The Dow Jones Industrials (DJINDICES:^DJI) has enjoyed earnings season so far, and positive news on the earnings front played an important role in the index's gain of 104 points as of 12:30 p.m. EDT Tuesday. AT&T (NYSE:T) is slated to offer its quarterly report after the market closes this afternoon, making it the first Dow telecom stock to add its view to the overall picture of how the U.S. economy fared at the beginning of 2014. What it says will affect not just rival Dow component Verizon (NYSE:VZ) but also the broader telecom industry.
AT&T's previous quarterly report came just a single minute after the 4 p.m. market close. The telecom will follow up its earnings release with a conference call scheduled to begin at 4:30 p.m. EDT.
The prospect of a potential price war is foremost on AT&T investors' minds, as the company has seen direct attacks from up-and-comer T-Mobile (NYSE:TMUS) in recent months. Although T-Mobile's efforts represent an equal competitive threat to Verizon, the fact that T-Mobile has called out AT&T specifically in many of its ads points to the latter's perceived vulnerability among customers. In response, AT&T has had to offer some promotions of its own. While investors hope the moves could actually draw customers away from T-Mobile, the more likely result is that AT&T will have to spend more to retain its own subscribers, narrowing margins and hurting earnings results.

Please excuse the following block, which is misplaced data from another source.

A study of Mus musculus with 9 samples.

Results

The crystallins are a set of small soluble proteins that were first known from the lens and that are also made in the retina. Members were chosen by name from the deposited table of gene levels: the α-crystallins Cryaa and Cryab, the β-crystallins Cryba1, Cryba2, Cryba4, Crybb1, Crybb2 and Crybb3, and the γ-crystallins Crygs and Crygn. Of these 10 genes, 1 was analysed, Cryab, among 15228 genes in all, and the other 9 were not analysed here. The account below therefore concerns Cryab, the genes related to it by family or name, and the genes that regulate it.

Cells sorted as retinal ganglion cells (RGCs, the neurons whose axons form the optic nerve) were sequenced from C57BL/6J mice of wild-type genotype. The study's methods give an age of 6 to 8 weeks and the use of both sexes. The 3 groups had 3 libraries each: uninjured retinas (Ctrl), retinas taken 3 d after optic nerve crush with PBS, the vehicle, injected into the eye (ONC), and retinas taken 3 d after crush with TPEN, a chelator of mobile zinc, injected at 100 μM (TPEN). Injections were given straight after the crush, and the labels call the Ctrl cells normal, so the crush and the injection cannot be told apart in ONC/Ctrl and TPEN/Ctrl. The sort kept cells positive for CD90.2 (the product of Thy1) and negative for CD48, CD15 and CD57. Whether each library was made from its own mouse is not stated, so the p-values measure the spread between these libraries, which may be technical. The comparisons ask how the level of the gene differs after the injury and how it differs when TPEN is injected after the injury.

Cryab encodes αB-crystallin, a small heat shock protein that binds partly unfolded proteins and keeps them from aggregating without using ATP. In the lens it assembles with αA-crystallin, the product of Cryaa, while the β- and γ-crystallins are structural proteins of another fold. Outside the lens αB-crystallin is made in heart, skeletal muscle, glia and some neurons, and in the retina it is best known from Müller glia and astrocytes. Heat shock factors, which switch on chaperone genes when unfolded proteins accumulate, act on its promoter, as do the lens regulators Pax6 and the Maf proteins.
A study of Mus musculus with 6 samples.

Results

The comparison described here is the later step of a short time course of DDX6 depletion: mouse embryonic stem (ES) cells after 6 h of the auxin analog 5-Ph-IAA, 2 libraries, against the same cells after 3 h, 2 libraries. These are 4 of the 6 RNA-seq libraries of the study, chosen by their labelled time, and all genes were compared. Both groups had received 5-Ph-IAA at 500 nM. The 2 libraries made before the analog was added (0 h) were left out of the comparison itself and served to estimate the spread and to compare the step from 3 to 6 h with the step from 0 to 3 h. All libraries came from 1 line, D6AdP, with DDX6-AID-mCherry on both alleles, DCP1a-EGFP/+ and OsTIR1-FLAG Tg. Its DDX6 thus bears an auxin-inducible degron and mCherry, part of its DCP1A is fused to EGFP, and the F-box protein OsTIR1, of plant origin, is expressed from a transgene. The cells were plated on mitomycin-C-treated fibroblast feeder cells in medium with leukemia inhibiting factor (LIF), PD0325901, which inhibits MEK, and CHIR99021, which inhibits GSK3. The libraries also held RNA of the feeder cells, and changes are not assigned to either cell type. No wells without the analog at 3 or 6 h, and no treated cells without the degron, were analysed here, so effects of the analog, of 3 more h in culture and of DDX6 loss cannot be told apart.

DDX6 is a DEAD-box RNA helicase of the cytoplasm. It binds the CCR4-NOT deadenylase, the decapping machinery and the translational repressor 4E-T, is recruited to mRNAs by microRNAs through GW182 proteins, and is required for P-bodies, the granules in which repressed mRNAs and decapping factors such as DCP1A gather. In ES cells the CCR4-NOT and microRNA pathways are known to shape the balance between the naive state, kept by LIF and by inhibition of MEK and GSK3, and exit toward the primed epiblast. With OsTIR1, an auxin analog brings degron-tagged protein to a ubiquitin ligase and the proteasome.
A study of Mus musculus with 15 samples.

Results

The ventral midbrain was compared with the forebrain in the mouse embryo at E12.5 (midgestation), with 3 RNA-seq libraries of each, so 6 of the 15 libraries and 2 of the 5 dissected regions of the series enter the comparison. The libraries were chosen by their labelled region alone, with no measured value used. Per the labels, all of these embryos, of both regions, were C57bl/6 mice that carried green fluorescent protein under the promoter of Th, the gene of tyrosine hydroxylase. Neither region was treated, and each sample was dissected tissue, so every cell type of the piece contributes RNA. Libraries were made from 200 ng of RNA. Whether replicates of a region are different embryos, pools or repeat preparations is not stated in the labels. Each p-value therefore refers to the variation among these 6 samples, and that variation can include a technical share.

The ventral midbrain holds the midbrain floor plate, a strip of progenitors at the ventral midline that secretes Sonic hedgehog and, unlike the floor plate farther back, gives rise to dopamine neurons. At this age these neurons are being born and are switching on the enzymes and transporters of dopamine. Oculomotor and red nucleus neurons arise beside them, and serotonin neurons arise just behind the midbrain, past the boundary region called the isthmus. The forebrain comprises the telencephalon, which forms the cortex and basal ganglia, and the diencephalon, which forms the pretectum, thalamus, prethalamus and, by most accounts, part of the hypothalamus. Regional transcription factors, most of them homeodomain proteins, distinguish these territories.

More broadly, AT&T has some tough strategic decisions to make. On one hand, offering broadband Internet and online video could be a smart way to go beyond traditional and wireless telephony to gain greater penetration into American households. On the other, trends away from smartphone subsidies could represent a massive change for AT&T's revenue stream, offering opportunities for greater profit but also forcing the company to make the case to customers that its services are superior to Verizon, T-Mobile, and other players in the U.S. mobile industry. And lastly, discussion of potential international expansion has been going on for years, but so far AT&T hasn't revealed any big strategic plan to move beyond U.S. borders.
Watchers of the Dow Jones Industrials should keep their eyes on AT&T's report this afternoon. By itself, the telecom's low share price won't directly move the Dow substantially. But its collateral impact could have dramatic consequences for the blue-chip index, and AT&T needs to demonstrate its ability to grow in an increasingly competitive market if it wants to sustain its leadership role in the Dow.
Your cable company is scared, but you can get rich
You know cable's going away. But do you know how to profit? There's $2.2 trillion out there to be had. Currently, cable grabs a big piece of it. That won't last. And when cable falters, three companies are poised to benefit. Click here for their names.
Dan Caplinger has no position in any stocks mentioned. The Motley Fool has no position in any of the stocks mentioned. Try any of our Foolish newsletter services free for 30 days. We Fools may not all hold the same opinions, but we all believe that considering a diverse range of insights makes us better investors. The Motley Fool has a disclosure policy.